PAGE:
Insurers seeking appeals of adverse conditional payment decisions are finding that their cases are dragging, thanks to a major backlog of pending Medicare appeal requests.
The Strengthening Medicare and Repaying Taxpayers (SMART) Act outlined a conditional payment appeal process with five potential levels:
- redetermination by the applicable contractor—Benefits Coordination & Recovery Center (BCRC) or Commercial Repayment Center (CRC)
- reconsideration by a Qualified Independent Contractor (QIC)
- hearing before an Administrative Law Judge (ALJ)
- review by the Medicare Appeals Council (MAC)
- potential Federal Court review
Levels one and two involve CMS contractors. If primary payers do not agree with a QIC reconsideration, they have 60 days to request a hearing with an ALJ at the Office of Medicare Hearings and Appeals (OMHA), which is independent of CMS. Following ALJ adjudication, an aggrieved party can request review with an MAC Administrative Appeals Judge, who is also independent of CMS and OMHA.
There’s a significant backlog of appeals within the OMHA and MAC, and this has caused major delays. From fiscal year 2010 through 2015, there was a 442 percent increase in the number of appeals received annually at the ALJ level; during the same time frame, MAC appeals increased 267 percent.1
Statutory time frames for adjudication at the ALJ and MAC levels are both 90 days, but due to the overwhelming number of appeal requests, neither has been able to meet these time frames. As we reported back in March 2015, the average processing time for appeals decided in 2015 was 547.1 days.2 This has increased in 2016 to an average of 819.4 days.3
Following a critique by the Government Accountability Office (GAO), 4 in June 2016, the Department of Health and Human Services (DHHS) proposed changes 5 to the Medicare appeals process to reduce pending appeals and streamline the process. Some of the pertinent proposed changes include:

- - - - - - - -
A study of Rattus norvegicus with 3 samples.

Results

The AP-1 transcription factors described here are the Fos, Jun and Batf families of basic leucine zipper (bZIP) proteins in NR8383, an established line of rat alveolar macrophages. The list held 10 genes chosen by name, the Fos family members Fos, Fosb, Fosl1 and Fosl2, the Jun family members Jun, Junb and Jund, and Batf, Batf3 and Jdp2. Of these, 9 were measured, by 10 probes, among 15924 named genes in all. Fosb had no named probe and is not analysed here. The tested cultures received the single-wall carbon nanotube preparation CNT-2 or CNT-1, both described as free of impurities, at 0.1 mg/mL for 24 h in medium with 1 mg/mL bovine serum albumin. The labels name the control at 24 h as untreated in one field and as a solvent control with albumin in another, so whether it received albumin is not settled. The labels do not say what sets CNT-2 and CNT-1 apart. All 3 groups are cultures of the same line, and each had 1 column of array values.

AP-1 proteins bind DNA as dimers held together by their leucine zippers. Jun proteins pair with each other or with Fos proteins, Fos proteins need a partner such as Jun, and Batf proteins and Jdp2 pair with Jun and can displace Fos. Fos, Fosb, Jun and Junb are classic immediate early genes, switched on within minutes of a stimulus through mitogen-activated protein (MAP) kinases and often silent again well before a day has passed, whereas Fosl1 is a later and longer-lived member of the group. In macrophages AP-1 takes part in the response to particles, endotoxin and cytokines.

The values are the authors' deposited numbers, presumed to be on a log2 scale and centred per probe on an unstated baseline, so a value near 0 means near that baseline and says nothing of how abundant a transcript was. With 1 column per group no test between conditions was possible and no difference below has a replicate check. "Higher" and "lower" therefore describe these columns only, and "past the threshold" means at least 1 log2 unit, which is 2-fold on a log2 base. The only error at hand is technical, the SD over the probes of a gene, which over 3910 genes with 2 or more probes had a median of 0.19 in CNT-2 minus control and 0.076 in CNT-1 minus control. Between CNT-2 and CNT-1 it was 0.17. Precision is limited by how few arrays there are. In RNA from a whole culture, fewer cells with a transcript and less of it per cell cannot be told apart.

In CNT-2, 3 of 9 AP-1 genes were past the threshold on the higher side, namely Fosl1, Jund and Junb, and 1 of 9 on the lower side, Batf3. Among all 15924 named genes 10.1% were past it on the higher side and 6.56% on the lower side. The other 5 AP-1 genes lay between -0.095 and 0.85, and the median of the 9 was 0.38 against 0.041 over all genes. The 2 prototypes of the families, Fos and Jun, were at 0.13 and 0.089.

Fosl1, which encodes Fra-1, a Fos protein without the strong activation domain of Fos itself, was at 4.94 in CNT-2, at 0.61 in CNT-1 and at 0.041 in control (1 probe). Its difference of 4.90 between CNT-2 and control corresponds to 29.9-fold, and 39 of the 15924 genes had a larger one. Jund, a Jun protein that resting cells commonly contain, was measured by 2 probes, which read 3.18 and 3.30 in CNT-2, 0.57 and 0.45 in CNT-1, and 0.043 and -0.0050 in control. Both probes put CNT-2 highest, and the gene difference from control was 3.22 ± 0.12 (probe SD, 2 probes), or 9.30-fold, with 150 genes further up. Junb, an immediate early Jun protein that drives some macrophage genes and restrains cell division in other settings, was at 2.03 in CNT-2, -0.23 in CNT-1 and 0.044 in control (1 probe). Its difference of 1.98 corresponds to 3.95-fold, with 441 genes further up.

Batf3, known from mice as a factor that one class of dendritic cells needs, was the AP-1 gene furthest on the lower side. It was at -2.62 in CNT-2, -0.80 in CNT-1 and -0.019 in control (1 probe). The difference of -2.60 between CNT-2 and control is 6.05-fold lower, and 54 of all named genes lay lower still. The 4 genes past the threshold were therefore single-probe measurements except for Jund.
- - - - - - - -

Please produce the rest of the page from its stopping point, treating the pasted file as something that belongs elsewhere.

- using attorney adjudicators to dispose of issues that don’t require an ALJ hearing, freeing up ALJ resources
- granting authority to designate certain MAC decisions as precedential that lower levels would have to follow
- revising the requisite minimum amount in controversy
We have advocated a fast-track appeals process for conditional payments. The practical effect of these delays could place primary payers in a difficult position, expending time, resources, and effort—and potentially waiting years to reach a point of finality regarding contested conditional payments.
Given the existing landscape, it’s critical that challenges to conditional payments succeed at the contractor level. Consider following these guidelines to increase your chance of success:
- Be proactive: Begin the conditional payment process early in the life of a claim.
- Don’t delay: Engage in pre-demand disputes before conditional payments reach demand status.
- Be thorough: Offer all available arguments and include supplemental information, such as claims, medical, and legal documentation, that supports your position.
- Don’t give up: Even if the contractor initially denies a dispute or appeal, bring issues to the contractor’s attention that may have been overlooked and not fully considered.
- Seek expertise: Partner with an expert in MSP compliance that has experience in conditional payment disputes and appeals.
We will continue to advocate aggressively for our customers in their conditional payment disputes. In addition, we’re pushing for a fast-track process for MSP appeals. We’ll also continue to monitor this situation closely and provide updates as they become available.
If you have any questions about appealing conditional payment demands, please don’t hesitate to contact Shawn Deane.